Kaiser Chiefs closed the first day of the 2008 Isle of Wight Festival, marking their debut UK festival headline slot, with a raucous set of crowd-pleasing favourites and two new songs.
Launching with 'Everything Is Average Nowadays', the band incited mass singalongs to anthems such as 'Ruby', 'Every Day I Love You Less and Less' and 'I Predict A Riot'. Singer Ricky Wilson introduced two new songs ('Never Miss A Beat' and 'You Want History') as "Future hits of tomorrow" – both dark, synth-heavy arrangements.
Fans were treated to the usual theatrics which saw Wilson scaled the lighting rig. The band closed the first night of the festival with a powerful, extended 'Oh My God'.
"This is a great festival! I'll be sure to recommend it to all my friends!", declared the frontman.
As well as sealing the end of a forecast-defying dry, sunny day, an added sense of triumph permeated the crisp night air due to the fact that the band had been forced to play their headline set using borrowed equipment, with much of theirs held up by fuel protests in Spain.
Kaiser Chiefs' set list was:'Everything Is Average Nowadays'
'Everyday I Love You Less And Less'
'Thank You Very Much'
'Born To Be A Dancer'
'Never Miss A Beat'
'You Want History'
'Na Na Na Na Naa'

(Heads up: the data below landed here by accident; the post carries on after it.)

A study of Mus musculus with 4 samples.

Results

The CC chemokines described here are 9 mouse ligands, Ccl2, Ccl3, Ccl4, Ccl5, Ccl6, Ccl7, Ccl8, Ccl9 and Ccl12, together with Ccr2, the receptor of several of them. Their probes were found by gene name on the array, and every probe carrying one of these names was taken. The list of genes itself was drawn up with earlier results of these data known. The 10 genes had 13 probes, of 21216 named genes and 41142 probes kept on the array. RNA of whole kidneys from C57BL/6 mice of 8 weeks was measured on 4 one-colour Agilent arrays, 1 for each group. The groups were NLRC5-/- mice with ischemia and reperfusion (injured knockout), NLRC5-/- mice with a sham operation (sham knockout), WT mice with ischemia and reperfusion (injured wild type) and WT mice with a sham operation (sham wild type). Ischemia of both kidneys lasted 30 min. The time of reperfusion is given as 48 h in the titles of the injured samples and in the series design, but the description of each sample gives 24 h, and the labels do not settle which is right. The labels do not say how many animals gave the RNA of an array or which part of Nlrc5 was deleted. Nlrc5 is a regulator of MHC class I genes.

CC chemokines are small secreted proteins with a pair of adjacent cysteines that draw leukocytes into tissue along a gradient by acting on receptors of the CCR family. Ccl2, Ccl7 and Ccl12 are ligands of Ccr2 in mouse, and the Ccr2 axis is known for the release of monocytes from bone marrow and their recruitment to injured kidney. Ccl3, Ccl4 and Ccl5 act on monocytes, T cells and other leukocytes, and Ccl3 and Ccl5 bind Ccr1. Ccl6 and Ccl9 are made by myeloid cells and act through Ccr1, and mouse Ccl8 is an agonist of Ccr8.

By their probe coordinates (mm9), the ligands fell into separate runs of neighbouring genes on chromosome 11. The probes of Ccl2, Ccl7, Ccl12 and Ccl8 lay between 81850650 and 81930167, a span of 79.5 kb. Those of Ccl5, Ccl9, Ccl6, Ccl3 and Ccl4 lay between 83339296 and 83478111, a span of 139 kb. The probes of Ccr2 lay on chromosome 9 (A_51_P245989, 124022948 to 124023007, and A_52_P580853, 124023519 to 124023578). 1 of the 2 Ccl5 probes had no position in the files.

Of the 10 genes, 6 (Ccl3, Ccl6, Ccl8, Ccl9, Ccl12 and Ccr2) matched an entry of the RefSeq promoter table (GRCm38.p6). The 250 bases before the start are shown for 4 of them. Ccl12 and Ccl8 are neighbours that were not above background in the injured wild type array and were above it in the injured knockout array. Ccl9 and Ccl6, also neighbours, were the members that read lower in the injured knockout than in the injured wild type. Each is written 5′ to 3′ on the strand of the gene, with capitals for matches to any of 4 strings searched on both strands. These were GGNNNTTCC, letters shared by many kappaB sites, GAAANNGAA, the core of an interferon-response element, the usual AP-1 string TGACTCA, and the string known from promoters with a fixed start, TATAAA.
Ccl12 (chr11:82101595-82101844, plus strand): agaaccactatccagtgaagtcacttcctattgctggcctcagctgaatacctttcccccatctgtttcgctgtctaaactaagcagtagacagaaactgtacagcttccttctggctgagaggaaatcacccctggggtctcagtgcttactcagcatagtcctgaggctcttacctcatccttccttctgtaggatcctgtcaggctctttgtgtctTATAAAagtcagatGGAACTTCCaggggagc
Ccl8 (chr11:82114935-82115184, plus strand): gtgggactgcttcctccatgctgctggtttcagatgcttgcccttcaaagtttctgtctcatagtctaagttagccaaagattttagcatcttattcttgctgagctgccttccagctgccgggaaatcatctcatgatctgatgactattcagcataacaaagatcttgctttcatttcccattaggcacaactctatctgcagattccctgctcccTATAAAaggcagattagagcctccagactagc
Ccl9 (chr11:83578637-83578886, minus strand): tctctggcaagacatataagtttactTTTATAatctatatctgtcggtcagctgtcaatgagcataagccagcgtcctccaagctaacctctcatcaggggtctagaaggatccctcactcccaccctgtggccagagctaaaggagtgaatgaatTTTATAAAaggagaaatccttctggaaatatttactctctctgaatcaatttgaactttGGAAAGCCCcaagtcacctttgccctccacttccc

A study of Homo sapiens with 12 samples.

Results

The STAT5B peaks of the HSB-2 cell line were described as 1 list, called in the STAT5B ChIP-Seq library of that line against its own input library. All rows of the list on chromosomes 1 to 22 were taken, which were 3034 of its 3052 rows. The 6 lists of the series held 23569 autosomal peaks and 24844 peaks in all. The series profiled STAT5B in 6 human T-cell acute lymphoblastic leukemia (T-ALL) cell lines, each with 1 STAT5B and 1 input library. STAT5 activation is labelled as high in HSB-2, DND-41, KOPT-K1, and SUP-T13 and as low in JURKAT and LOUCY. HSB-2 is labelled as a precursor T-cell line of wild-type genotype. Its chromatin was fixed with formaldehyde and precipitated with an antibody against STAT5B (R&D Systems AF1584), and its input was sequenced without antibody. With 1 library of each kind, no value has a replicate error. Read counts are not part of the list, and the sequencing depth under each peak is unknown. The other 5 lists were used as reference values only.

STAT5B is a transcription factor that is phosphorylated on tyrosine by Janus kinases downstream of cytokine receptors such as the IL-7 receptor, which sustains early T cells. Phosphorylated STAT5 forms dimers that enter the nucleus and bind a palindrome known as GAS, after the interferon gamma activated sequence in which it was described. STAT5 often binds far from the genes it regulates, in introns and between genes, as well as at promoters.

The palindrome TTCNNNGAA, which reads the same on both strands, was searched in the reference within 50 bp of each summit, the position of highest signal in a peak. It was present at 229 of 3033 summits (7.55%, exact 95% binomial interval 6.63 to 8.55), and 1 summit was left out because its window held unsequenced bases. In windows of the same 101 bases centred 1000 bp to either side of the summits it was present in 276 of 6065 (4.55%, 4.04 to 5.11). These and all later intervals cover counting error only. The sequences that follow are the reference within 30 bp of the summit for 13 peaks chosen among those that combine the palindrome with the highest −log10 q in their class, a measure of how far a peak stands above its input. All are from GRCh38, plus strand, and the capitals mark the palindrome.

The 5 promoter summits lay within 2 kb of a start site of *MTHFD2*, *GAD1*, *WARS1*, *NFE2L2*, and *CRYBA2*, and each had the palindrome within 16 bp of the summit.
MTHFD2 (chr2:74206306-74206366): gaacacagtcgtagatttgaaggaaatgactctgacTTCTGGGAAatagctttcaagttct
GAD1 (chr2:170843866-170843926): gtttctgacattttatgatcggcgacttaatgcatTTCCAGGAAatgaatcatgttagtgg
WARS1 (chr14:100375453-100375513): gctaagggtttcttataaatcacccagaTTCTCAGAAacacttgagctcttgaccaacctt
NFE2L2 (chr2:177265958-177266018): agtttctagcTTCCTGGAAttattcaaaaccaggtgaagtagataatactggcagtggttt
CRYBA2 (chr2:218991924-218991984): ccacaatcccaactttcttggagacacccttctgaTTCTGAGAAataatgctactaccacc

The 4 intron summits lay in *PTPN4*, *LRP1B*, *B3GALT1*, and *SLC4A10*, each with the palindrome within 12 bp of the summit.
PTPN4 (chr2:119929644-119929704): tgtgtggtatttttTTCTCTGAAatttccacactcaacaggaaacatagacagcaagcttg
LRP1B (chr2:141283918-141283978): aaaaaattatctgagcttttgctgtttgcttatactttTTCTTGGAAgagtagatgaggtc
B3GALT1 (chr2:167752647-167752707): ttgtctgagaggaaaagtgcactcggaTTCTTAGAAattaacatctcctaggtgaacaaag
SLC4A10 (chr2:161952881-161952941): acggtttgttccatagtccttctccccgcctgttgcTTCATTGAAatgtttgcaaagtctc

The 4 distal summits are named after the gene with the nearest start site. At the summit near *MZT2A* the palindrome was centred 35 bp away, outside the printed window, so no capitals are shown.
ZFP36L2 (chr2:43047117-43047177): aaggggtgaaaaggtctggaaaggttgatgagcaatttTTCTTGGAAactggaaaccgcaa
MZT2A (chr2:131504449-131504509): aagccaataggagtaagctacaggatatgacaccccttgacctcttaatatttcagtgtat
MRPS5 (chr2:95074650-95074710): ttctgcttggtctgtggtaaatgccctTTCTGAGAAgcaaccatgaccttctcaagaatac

'I Predict A Riot'
'Take My Temperature'
'The Angry Mob'
'Heat Dies Down'
'Oh My God'
For many, however, the true highlight of the first day had been penultimate act N*E*R*D* who had delivered a rousing wave of anthemic hip-hop which included hits 'Rock Star', 'Lap Dance', 'Fly Or Die', 'Everyone Nose' and 'She Wants to Move', culminating in a sample of the White Stripe's Seven Nation Army riff reverberating around the temperate night. Pharell Williams was as confident and cocksure as usual and played the crowd expertly before leaping off the front of the stage to greet the front-row at the end of the set.
The chalk-and-cheese line-up had earlier featured a cheery KT Tunstall after frenetic sets from The Wombats, Joe Lean and the Jing Jang Jong and prog-rock openers The Answer.
The Hoosiers were the first band to really get the party going, with an uplifting horn-driven rendition of 'Cops and Robbers' before dropping their avant garde cover of Billy Joel's 'We Didn't Start The Fire'. As the last notes of finale 'Worried About Ray' rang out over Seaclose Park, there were clear skies on the horizon and the first major outdoor party atmosphere of the summer was in full swing.
Although the threat of rain has been hanging around the site since the middle of the week, mainly due to the BBC's gloom-laden forecast, the prevailing sunshine saw shorts and flip-flops out in force, creating a vibrant summer party atmosphere. The campites were packed to the seams by mid-afternoon as the ferries shipped their many hordes of 'smellies' (as the locals refer to us) to the Garden Isle.
Stay posted for our rolling daily coverage of the Isle of Wight 2008.